Education Matters: Why the sky isn’t falling
by Bart Moss, community columnist
When you have two children I guess it is only natural to ponder the world in which they are growing up in and the world they will inherit. Every generation, it seems, stretches what seems to be culturally and morally acceptable. Every generation has its social and political events that make one believe the world is coming to an end. It was that way when I was growing up. It was that way when my parents were growing up. It just seems that those things are expanding with greater and greater speed with each passing day.
When my Mom and Dad were growing up in the 1950s and 1960s it was Elvis Presley and gyrations that made parents blush and teens scream. Television was in its infancy. Parents knew only an era of reading and gathering around a radio to listen to live programs. But television, it was the devil. Whole rooms were being arranged around it. People began to just sit and watch.
They grew up with the expanding threat of Communism and the Soviet Union and nuclear war. They endured radical social change with desegregation and the growing drug and free sex culture of Woodstock. They watched as leader after leader was cut down with bullets from John F. Kennedy and his brother Robert to Martin Luther King. It seemed the world was falling apart around them.
My generation grew up in the 1970s and 1980s. Fresh off the 1960s counterculture movement was a growing distrust in government with the Vietnam War and the impeachment of Richard Nixon over Watergate. Oil embargoes were causing gas lines all over the United States. Iranian revolutionaries took American citizens hostage for over a year; the same revolutionaries in charge in Iran today. Interest rates were in the double digits and people, including my parents, wondered about the future of their children.
The moral limits were stretched even further. Along came Madonna and Prince who made Elvis look like a choirboy. My mom, a huge Elvis fan, confiscated my Prince Purple Rain cassette tape because of the lyrics it contained—lyrics that are tame by today’s standards. There was no Internet yet but the personal computer was growing in popularity. My parents bought me a Commodore 64 (which I still have, by the way).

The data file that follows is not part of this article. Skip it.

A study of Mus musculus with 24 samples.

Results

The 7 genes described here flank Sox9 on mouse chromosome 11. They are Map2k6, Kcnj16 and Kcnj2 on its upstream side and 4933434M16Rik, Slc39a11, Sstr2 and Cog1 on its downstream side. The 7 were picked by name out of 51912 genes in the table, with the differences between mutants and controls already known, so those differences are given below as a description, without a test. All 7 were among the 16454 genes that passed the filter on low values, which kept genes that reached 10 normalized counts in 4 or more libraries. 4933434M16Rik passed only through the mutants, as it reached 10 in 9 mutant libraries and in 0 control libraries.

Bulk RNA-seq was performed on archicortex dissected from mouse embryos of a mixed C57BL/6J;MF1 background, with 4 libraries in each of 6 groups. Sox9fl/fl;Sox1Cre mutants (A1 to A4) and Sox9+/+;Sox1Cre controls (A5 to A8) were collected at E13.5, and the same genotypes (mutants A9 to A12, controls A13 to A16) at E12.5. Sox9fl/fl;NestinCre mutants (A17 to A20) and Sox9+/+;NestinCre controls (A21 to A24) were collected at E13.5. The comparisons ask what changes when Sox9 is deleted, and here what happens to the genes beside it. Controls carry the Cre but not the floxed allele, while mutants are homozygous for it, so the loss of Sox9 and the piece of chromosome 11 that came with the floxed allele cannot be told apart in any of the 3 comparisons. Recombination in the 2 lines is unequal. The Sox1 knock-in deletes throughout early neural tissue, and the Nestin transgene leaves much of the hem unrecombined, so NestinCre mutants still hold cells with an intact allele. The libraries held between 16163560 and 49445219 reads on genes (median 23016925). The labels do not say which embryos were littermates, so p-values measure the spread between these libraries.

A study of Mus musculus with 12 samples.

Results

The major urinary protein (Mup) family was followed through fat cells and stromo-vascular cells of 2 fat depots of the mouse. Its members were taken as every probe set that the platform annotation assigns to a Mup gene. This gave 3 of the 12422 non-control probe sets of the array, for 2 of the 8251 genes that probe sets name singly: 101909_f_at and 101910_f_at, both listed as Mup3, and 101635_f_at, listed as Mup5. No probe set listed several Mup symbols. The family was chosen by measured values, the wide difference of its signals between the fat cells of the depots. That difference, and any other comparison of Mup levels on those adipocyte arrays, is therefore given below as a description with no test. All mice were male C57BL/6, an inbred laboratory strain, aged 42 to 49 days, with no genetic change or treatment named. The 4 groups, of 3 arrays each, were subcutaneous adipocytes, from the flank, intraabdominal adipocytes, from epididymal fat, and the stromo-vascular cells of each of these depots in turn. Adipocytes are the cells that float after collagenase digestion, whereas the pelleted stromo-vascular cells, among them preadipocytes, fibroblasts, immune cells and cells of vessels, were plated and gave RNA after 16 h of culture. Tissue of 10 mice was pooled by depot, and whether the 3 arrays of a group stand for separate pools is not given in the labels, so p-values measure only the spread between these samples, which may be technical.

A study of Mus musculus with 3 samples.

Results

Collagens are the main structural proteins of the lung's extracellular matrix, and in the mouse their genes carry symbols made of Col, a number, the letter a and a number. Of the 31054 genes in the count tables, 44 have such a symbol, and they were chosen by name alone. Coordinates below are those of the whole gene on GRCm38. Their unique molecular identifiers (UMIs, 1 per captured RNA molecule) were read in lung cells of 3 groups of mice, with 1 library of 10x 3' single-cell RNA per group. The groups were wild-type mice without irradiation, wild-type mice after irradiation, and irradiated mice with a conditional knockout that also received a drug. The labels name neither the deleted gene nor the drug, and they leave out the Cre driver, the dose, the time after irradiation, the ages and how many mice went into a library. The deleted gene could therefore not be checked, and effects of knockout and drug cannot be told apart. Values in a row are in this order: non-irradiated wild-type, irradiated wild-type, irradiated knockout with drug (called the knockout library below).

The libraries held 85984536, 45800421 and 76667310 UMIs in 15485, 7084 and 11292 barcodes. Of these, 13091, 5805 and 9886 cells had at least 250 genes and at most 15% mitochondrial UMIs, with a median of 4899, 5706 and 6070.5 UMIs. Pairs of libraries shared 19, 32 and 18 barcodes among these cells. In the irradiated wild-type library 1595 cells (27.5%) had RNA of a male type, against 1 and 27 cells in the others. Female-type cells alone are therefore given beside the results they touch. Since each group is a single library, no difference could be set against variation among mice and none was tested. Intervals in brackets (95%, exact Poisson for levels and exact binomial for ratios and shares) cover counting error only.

The day my niece was born in 2001, the first of what would be my parents six grandchildren, Islamic terrorists flew two passenger jets into the World Trade Center in New York, one into the Pentagon, and another, seemingly meant for the White House or Capitol crashed into a field in Pennsylvania. It was a day that changed a generation, like Pearl Harbor and the Kennedy assassination. That act sparked a decade a war and financial turmoil that would eventually usher in the first black president in Barack Obama.
Today, under Mr. Obama, Islamic terrorism is on the rise throughout the Middle East, Russia is doing their best under Vladimir Putin to reconstitute the old Soviet Union, our government is letting old dictatorial regimes off the hook such as Castro’s Cuba and the Ayatollahs of Iran. China is rising and its economy has outpaced that of America’s. The homosexual lifestyle is becoming an acceptable way of life; television and the Internet can take you to dark places never before imagined.
I am not going to be like other generations and say all of this means the world is coming to an end. I believe the Bible when it says that no man knows nor can any man predict. Two of my favorite books of the Bible are Proverbs and Ecclesiastes because they impart very practical advice that is applicable today as it was thousands of years ago. They are written as a teacher talking to students. My favorite verses from those two books come at the very end of Ecclesiastes where after the teacher is explaining that everything is meaningless and makes little sense, he gives this final piece of advice:
13 “Now all has been heard;
here is the conclusion of the matter:
Fear God and keep his commandments,
for this is the duty of all mankind.
14 “For God will bring every deed into judgement,
including every hidden thing,
whether it is good or evil.”
Education Quote of the Week: “The way to get started is to get doing.” – Walt Disney
Education Stat of the Week: According to the Alabama Commission on Higher Education, 29.6% of Russellville City school graduates of the Class of 2014 who entered college last Fall had to take remediation courses in Math, English or both. In the Franklin County school system that number was 42.1%. The state average is 32.1%.